The Interview (2014) Movie Review


Any publicity is good publicity, and I’m starting to realize that Sony Pictures Entertainment might be marketing geniuses. The Interview, a satirical comedy about two American journalists who travel to North Korea to assassinate Kim Jong-un, was originally slated for a Christmas Day opening. However, Sony pulled the plug on distributing the movie after North Korea hacked Sony and threatened retaliation to movie goers. At the time, Sony remained quiet on whether they would ever distribute the movie.

Immediately after the cancellation news, there was public outcry as people from George Clooney to President Obama condemned the move, arguing that non-specific threats shouldn’t be the cause for censorship of free speech in America. To Sony, some very good things were coming out of the original setback. From mysterious hackings that downed North Korea’s Internet to tons of media coverage on the movie, it was apparent they were given an opportunity of a lifetime.

Lo and behold, a day before Christmas, Sony made the movie available to the public by releasing it simultaneously on streaming sites and in select movie theaters around the country. For the first time, viewers could choose whether they wanted to rent, buy, or watch the movie on the big screen. Patriotic and curious movie watchers will likely give the movie a much better opening weekend despite its limited release.

Now that I think about it, the story surrounding the movie is way more interesting than the movie itself. Maybe Seth Rogen will take these events and make a movie about it sometime in the future. That would be meta.

By now you’re probably curious how the movie stacks up (this is a review of the movie, after all). I’d say overall, The Interview was a fun and wacky movie with some hilarious parts. If you’ve seen comedies such as This Is the End or Pineapple Express, you’ll notice a similar flavor.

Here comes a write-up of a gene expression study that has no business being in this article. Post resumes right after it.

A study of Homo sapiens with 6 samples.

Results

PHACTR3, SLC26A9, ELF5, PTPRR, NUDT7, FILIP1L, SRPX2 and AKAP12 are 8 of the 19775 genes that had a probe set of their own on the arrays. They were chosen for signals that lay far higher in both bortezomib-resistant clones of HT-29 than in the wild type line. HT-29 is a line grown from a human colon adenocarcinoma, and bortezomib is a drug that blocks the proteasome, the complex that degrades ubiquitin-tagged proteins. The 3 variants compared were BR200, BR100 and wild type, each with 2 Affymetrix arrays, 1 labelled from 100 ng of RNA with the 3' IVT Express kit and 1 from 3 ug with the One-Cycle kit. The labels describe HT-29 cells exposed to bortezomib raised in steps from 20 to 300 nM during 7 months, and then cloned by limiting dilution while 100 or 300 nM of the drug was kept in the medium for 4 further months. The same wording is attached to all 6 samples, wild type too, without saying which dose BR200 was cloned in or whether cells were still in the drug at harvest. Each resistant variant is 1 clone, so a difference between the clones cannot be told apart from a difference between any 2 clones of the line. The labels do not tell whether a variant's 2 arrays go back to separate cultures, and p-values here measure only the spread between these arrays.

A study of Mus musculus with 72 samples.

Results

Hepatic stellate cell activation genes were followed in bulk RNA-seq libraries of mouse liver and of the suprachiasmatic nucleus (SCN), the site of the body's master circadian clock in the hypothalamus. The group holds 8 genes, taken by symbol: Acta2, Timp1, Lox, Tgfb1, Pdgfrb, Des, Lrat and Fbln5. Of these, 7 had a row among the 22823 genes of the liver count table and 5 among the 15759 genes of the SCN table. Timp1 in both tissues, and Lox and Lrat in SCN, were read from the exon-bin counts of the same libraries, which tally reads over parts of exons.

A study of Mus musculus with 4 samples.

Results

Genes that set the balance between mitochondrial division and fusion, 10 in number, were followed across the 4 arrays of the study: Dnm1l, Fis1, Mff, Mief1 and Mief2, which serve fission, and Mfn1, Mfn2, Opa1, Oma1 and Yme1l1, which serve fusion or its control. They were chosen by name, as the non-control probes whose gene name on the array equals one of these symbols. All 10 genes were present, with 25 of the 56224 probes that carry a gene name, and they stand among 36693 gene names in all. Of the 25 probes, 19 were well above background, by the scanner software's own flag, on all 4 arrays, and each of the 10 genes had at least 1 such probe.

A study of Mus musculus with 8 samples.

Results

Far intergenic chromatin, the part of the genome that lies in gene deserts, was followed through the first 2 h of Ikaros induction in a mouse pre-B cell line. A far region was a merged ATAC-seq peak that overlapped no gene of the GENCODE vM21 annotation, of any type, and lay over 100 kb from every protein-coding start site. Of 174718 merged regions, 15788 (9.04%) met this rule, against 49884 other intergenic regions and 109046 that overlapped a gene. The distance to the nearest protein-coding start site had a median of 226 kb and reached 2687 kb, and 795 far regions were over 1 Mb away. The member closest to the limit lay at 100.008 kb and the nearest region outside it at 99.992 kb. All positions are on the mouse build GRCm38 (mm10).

The story centers around a TV show host (James Franco) and his best friend and producer (Seth Rogen) who have the chance of a lifetime to travel to North Korea to interview Kim Jong-un, who’s a huge fan of their show. The CIA sees this as a perfect avenue to assassinate the Supreme Leader and recruit the two on this mission, not knowing that these two “journalists” are also incompetent when it comes to pretty much anything requiring smarts and finesse.

It’s pretty obvious that Franco and Rogen had a blast making this movie, and a lot of the scenes seem ad-libbed and well improvised. The supporting cast was surprisingly great, too. From Randall Park as a manipulative but misunderstood Kim Jong-un to Diana Bang as the bombshell North Korean officer, the actors and actresses were all hilarious and added to the absurdity of the movie.

And at the end of the day, the movie is absurd, mainly because it’s first and foremost a slapstick comedy that doubles as a work of satire. Is it a funny and good movie? Definitely. Will it be considered a great and memorable movie that will last through the years? I wouldn’t say so, at least not without the surrounding controversy bolstering it. But I had a fun time and definitely laughed out loud, and I think that was the original intent of the movie. All that’s left now is the sequel/documentary Making The Interview. I’ll be looking forward to that one.